Remembering Justice Ruth Bader Ginsburg


A poster for Ruth Bader Ginsburg.

On Sept. 18th, 2020, Supreme Justice Ruth Bader Ginsburg passed away from complications with pancreatic cancer. She was laid to rest as the first woman in American History to lie in state at the US Capitol. As the oldest justice on the Supreme Court and women’s rights icon, Ginsburg was a fiery, soft-spoken, and influential woman to the nation. Supreme court justices’ jobs are to guard and interpret the constitution in order for Americans to receive fair and equal justice. They are able to serve on the court for life and are very important in the government system. Ginsburg served on the court for 27 years. Facing adversity from the very beginning, Ginsburg did not let her challenges become struggles. Over the course of her lifetime, she has inspired change both in and out of the courtroom. Here are some of her most memorable moments throughout her legal career.

1959: After graduating from Columbia Law School, Ginsburg was recommended for a clerkship with Supreme Court Justice Felix Frankfurter. She was turned down after Frankfurter said “he was not ready to hire a woman” and asked for a man to be recommended instead. Judge Edmund L. Palmieri of the U.S. District Court for the Southern District of New York hired her as a clerk instead.

1972: Ginsburg created the American Civil Liberties Union (ACLU) Women’s Rights Project after handling the sex discrimination complaints passed to her from the New Jersey affiliate of the American Civil Liberties Union. She also became Columbia Law School’s first woman granted tenure.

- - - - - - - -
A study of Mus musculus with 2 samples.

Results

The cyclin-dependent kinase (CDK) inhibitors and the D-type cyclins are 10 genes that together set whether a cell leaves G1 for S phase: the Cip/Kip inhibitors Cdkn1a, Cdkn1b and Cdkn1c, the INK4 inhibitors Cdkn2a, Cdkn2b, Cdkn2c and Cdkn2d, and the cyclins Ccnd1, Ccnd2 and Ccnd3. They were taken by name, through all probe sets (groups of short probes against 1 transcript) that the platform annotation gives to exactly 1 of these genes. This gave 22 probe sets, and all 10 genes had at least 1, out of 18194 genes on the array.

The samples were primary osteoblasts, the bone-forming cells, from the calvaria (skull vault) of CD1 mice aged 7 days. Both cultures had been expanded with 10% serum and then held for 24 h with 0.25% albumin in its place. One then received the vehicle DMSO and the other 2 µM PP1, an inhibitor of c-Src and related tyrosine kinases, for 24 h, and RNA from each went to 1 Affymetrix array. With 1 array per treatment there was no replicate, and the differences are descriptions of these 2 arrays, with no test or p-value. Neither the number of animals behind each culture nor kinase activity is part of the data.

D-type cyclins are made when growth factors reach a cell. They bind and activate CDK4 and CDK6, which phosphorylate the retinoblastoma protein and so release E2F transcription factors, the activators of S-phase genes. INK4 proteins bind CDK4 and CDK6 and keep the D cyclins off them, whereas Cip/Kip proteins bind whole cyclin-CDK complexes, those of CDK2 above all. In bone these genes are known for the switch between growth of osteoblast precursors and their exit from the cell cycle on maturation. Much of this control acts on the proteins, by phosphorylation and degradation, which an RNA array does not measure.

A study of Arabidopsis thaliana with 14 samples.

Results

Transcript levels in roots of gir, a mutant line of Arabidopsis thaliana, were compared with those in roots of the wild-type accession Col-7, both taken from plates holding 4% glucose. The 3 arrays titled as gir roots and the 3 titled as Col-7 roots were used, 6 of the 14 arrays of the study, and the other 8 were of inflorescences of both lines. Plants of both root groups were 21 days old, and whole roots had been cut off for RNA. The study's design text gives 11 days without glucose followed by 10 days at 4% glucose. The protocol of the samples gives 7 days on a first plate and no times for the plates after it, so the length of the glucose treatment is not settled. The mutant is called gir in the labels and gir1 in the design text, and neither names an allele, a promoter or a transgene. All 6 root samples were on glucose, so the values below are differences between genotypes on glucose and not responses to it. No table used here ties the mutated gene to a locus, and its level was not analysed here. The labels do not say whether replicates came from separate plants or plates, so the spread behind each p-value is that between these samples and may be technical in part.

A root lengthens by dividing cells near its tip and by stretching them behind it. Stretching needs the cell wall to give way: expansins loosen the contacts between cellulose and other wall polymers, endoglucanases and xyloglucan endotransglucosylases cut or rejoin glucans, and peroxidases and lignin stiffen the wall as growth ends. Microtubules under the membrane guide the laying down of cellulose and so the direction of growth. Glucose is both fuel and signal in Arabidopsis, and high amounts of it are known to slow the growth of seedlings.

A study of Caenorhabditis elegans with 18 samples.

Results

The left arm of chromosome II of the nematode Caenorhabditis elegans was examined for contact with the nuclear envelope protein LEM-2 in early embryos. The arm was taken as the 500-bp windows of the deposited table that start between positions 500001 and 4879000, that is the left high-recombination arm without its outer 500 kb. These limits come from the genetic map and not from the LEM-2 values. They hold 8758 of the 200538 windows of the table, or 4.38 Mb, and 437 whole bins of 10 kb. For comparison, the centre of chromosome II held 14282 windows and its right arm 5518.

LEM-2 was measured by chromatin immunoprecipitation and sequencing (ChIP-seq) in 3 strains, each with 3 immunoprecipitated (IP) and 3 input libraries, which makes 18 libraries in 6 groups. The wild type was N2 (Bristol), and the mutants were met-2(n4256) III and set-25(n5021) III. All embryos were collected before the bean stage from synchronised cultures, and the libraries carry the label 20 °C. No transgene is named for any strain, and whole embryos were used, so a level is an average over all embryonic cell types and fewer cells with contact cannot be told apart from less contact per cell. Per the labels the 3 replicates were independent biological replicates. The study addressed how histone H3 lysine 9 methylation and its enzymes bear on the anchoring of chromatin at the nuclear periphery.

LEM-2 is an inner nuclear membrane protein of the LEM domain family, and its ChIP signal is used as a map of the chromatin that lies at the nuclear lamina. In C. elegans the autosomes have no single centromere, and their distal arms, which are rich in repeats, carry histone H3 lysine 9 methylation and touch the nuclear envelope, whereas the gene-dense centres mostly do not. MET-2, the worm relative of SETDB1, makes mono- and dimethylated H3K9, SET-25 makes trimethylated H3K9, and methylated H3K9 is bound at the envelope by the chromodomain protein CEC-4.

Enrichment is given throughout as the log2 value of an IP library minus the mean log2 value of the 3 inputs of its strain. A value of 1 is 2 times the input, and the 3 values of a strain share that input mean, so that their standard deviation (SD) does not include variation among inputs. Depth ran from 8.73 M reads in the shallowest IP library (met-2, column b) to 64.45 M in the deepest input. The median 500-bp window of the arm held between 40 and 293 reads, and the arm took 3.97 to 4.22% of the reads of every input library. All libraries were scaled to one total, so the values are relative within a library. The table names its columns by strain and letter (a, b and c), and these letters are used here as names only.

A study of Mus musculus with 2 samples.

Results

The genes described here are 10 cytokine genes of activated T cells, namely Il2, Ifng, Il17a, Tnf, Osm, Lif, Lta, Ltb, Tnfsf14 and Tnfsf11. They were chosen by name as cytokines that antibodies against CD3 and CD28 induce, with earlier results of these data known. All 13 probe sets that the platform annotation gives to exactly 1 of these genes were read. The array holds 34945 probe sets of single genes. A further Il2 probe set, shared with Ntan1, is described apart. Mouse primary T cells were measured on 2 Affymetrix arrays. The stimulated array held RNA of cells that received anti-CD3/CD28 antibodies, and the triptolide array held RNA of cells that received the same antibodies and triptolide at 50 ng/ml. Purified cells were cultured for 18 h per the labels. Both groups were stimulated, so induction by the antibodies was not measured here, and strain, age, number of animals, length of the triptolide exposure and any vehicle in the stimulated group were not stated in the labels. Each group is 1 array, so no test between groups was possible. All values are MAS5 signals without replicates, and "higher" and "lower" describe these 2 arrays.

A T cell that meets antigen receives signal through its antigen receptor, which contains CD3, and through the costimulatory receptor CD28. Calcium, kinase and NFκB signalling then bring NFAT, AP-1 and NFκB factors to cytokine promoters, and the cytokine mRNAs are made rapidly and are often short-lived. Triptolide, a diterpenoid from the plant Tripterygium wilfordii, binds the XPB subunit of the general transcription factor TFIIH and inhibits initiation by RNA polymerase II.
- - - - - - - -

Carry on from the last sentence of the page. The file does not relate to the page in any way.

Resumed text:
1973: Frontiero v. Richardson was the first case Ginsburg argued before the Supreme Court. Her oral argument set a new standard requiring the government to prove any sex classification it defended had a “substantial relationship” to an “important state interest”.

1974: Ginsburg joined the ACLU Board of Directors.

1975: The case Weinberger v. Wiedenfeld  Ginsburg argued that the Social Security Act should not deny benefits only allowed for widowed wives to widowed husbands based on the earnings of a deceased wife. In the case, Turner v. Dept Of Employment Security, Ginsburg had changed the law that pregnant women were not allowed for unemployment benefits. After the Supreme Court denied that this issue was sex discrimination, the Coalition to End Discrimination Against Pregnant Workers was formed. This led to the Pregnancy Discrimination Act in 1978 that says pregnancy discrimination in the workplace is sex discrimination.

1980: Jimmy Carter appointment Ginsburg to the U.S. Court of Appeals for the District of Columbia. She served for 13 years.

1993: Bill Clinton appointed Ginsburg to the Supreme Court of the United States.

2009: Ginsburg and former President Obama created the Lilly Ledbetter Fair Pay Act of 2009, stating employers to redouble their efforts to ensure non-discriminating pay throughout their companies and employees.

Even while undergoing chemotherapy, surgery for colon cancer, and when her husband passed Ginsburg was always present in every oral argument. She had no plans to retire. The Supreme Court included a press release about Ginsburg on the 19th of September, 2020. “Our Nation has lost a jurist of historic nature. We at the Supreme Court have lost a cherished colleague. Today we mourn, but with confidence, that future generation will remember Ruth Bader Ginsburg as we knew her – a tireless and resolute champion of success”.